The striking 40-foot Tactical 40 is the brainchild of Tim Charles, principal of Richmond, British Columbia-based Platinum Marine Group, which builds megayachts under the Crescent Yachts brand. This is the first in his new line of “tactical-looking,” outboard-powered aluminum yachts. It was designed by Gregory C. Marshall to have a tough military look, but with yacht features and yacht ride quality. While speed wasn’t a priority, twin 627-horsepower Seven Marine outboards—the largest outboards in the world—can push the Tactical 40 along at up to 40 knots.
Like the exterior, the interior is finished primarily in grays and blacks that contrast well with the upholstery’s bold red-stitching. Not only is the interior styling stunning and modern, it adds to the “tactical” look.
The helm area is where things get even more appealing. Four massive 24” Garmin glass-cockpit screens are arrayed in a wall on both sides of the companionway. An aluminum rail that runs underneath the screens serves as a wrist rest in rough weather. The screens are backed by a row of four hydraulic S3 Shockwave professional series seats. These high-tech seats promise an easy ride when the going gets rough. The Tactical 40 is fitted with a molded, high-end Super Sport racecar wheel, which features integrated buttons that control programmable functions wirelessly. It’s not your traditional steering wheel, by any means. For those sunny days, an overhead powered skylight is an added bonus. The flooring in the salon is teak, but Ultradeck—a closed-cell foam material—is used in the helm area. This is an unusual feature and a great idea as it provides a superior grip and is soft underfoot.
ft of the helm, a C-shaped settee offers a cozy dining and lounging space. An aluminum table with built-in handholds drops down to convert to a second berth. To starboard is a linear galley that has everything for entertaining or extended cruising, with Caesarstone quartz countertops, a two-burner induction cooktop, convection microwave, and two stacked Vitrifrigo drawer fridge/freezer units. Two additional freezers are located under the cockpit’s forward settee.
The Tactical 40 was designed as a couple’s yacht, thus the single stateroom in the bow. It is opulent, with an island-queen berth and plush carpeting.
Four opening hull ports and two overhead hatches bring in plenty of light and ventilation. There’s ample room for clothing in two large hanging lockers and under-berth drawers.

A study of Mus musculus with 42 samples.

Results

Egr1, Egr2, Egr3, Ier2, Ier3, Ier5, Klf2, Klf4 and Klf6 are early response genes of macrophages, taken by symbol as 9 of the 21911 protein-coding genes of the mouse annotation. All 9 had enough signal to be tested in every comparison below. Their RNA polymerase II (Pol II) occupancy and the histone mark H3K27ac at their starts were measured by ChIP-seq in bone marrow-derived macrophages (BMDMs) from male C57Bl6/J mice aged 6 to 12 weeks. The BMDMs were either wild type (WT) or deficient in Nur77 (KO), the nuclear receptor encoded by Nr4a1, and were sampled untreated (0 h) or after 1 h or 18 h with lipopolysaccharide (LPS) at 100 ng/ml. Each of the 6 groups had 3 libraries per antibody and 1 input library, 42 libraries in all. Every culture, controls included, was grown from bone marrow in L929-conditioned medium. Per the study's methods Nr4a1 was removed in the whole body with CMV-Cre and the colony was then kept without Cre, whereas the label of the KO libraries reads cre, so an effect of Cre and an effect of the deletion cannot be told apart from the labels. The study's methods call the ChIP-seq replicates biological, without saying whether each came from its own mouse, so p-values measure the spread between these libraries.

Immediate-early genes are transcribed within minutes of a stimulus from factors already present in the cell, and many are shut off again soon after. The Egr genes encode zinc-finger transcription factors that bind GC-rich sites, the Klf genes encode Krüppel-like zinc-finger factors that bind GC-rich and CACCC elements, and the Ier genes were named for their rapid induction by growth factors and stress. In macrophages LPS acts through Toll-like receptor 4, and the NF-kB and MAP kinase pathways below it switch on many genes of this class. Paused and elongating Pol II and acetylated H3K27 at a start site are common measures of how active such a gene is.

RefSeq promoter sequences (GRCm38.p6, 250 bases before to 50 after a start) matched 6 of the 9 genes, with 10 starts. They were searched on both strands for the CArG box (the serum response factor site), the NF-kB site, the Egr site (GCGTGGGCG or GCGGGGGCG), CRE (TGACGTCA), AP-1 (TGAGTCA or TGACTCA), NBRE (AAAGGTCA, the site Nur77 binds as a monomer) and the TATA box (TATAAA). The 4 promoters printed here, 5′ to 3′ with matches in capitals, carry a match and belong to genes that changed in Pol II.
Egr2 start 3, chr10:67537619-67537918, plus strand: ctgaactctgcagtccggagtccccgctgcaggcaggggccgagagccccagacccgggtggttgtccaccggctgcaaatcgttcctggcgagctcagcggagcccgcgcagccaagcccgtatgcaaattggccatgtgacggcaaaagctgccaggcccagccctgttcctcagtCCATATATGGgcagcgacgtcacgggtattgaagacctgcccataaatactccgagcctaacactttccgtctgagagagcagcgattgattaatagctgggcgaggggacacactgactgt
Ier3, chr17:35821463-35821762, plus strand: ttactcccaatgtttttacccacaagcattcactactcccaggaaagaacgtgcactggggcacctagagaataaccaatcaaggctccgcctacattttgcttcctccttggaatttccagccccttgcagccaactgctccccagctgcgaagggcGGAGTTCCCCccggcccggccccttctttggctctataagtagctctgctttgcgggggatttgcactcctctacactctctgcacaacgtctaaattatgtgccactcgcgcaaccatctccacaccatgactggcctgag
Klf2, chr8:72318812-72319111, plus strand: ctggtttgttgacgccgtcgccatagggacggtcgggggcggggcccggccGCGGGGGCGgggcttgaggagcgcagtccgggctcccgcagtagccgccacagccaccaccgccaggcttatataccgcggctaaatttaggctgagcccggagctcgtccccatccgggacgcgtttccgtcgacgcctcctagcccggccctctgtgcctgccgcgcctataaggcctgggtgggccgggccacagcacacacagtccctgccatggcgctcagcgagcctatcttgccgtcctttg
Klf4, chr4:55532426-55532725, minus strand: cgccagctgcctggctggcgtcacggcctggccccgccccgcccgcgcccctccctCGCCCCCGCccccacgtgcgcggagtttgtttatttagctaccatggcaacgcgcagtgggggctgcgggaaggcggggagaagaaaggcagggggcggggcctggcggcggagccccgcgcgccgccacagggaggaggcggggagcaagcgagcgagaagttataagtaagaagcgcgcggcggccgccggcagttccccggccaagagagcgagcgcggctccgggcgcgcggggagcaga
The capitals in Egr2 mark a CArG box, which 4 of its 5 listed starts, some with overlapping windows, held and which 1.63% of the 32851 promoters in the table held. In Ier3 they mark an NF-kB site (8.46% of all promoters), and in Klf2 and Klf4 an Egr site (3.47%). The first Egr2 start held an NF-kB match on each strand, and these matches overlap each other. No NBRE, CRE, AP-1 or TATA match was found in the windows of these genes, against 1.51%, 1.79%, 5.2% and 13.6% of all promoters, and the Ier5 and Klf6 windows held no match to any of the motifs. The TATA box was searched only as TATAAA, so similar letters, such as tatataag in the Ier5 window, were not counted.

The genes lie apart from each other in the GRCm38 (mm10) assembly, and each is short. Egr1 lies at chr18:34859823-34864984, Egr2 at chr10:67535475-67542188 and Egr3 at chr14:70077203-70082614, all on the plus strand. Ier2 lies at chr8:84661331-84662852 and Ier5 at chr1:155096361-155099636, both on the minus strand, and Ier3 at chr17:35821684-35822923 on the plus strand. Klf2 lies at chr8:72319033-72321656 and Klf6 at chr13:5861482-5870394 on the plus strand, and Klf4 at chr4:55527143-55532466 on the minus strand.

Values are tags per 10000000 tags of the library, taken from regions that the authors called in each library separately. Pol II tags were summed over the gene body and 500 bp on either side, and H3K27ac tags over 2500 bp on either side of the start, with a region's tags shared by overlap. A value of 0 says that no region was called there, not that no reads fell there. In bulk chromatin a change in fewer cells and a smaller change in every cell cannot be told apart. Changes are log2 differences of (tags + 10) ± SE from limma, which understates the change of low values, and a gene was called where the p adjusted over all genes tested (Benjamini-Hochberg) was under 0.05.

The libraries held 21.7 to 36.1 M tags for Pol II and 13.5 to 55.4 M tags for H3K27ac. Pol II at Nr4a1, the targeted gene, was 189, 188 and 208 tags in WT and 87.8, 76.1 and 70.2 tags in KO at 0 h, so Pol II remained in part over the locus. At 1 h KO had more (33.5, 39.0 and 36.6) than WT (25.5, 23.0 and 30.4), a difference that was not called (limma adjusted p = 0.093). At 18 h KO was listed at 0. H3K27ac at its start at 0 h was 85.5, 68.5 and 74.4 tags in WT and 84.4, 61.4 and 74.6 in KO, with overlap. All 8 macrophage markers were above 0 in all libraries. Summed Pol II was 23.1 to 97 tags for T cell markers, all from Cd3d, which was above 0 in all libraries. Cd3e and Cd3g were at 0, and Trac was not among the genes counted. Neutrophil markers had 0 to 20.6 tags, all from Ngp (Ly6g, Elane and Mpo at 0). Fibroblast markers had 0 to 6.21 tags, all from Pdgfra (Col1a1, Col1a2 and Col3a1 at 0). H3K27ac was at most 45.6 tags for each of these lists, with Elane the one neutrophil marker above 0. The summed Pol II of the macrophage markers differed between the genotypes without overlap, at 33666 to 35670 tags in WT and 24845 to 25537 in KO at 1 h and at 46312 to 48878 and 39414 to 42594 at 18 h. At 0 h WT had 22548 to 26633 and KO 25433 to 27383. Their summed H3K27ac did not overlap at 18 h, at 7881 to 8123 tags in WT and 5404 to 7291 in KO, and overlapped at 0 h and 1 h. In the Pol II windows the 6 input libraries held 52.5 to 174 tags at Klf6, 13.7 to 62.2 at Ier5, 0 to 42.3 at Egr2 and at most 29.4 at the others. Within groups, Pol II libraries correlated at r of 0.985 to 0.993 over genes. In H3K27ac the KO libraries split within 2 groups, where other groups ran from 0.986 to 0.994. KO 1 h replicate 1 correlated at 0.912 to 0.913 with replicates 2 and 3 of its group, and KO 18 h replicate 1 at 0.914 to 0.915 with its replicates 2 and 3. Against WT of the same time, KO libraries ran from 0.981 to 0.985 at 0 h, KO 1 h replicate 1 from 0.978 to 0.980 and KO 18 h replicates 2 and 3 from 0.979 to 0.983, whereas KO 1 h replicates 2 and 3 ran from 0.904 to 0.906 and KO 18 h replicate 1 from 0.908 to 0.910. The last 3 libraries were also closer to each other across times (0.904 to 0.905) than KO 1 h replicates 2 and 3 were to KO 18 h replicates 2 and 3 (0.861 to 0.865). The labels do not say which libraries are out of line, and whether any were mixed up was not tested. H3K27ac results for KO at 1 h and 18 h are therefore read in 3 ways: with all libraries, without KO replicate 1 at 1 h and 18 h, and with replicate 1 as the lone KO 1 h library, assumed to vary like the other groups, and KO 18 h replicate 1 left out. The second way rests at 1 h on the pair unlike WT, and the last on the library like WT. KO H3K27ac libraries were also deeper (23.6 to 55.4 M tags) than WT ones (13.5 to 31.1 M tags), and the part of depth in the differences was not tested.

In lieu of a second cabin, there is a head to starboard and a separate shower across the companionway. The head was fitted with a black carbon-fiber toilet. It matches beautifully with a raised, custom carbon-fiber sink, rich Ferrari red countertop, and glossy, wood cabinetry. The large shower compartment has a separate area for towel storage and dressing. Both the shower and dressing areas have teak grates and bench seating.
Redundancy is the keyword when it comes to systems. All the ship’s systems are integrated into a single C-Zone digital control and monitoring system, which can be connected wirelessly to an iPad. However, as a safety feature, physical switches were also installed to assure 100 percent backup. Overall, the system is absolutely state-of-the-art.
bin heating and on-demand hot water. A Seakeeper 6 gyro stabilizer was fitted to keep things on an even keel. A six-kilowatts Northern Lights generator provides auxiliary power and Ni-Cad house batteries should allow several days at anchor without running the generator. A low-maintenance watermaker provides ample fresh water to supplement the 100-gallon water tank. A sturdy black radar mast includes the latest FLIR gyro-stabilized night vision camera.
We tested the Tactical 40 in the Gulf Islands. Joysticks to either side of the cockpit made it a snap to ease us away from the dock. The joystick steering is somewhat different than usual because the outboards don’t articulate independently. Instead, the system uses a combination of steering, forward and reverse gears, and Side-Power proportional bow and stern thrusters married to joysticks. It works well.
Despite calm seas, we gave the Tactical 40 a good run and we found some large ferry wakes to crisscross. We plowed through them smoothly at speed and the Shockwave seats proved excellent ride dampeners.
The extreme torque of the twin Seven Marine supercharged, small block V8s are such that a computer governs acceleration to avoid loading up the drives too quickly. The huge four-blade props (19-inch diameter forward and 17.5 inches aft) take a huge bite. Counter-rotating, duo-prop gear cases are a new feature for the Seven Marine outboards—thanks to the company’s recent purchase by Volvo Penta.
At 27 knots (4,000 rpm) our fuel burn was 28 gallons per hour (gph). When we kicked it up to a fast cruise of over 33.5 knots (4,600 rpm), we were burning just under 35 gph. These numbers translate to about a mile per gallon—a testament to the efficient hull design. The all-hydraulic steering proved nicely responsive and we carved into sharp turns effortlessly with no slipping. On the plane, visibility over the bow was very good. The 40 proved to have a solid, comfortable feel at all speeds.
It is offered with many, many unique features, equipment, and built-in redundancy not normally seen on a yacht of this size. It’s not only military tough—and looks that way—but it comes with the a flawless fit and finish throughout that is certainly up to mega-yacht standards. Base price is $1.5 million CAD. Price as tested “ultimately equipped” is $1.9 million CAD. For more information, visit tacticalcustomboats.com.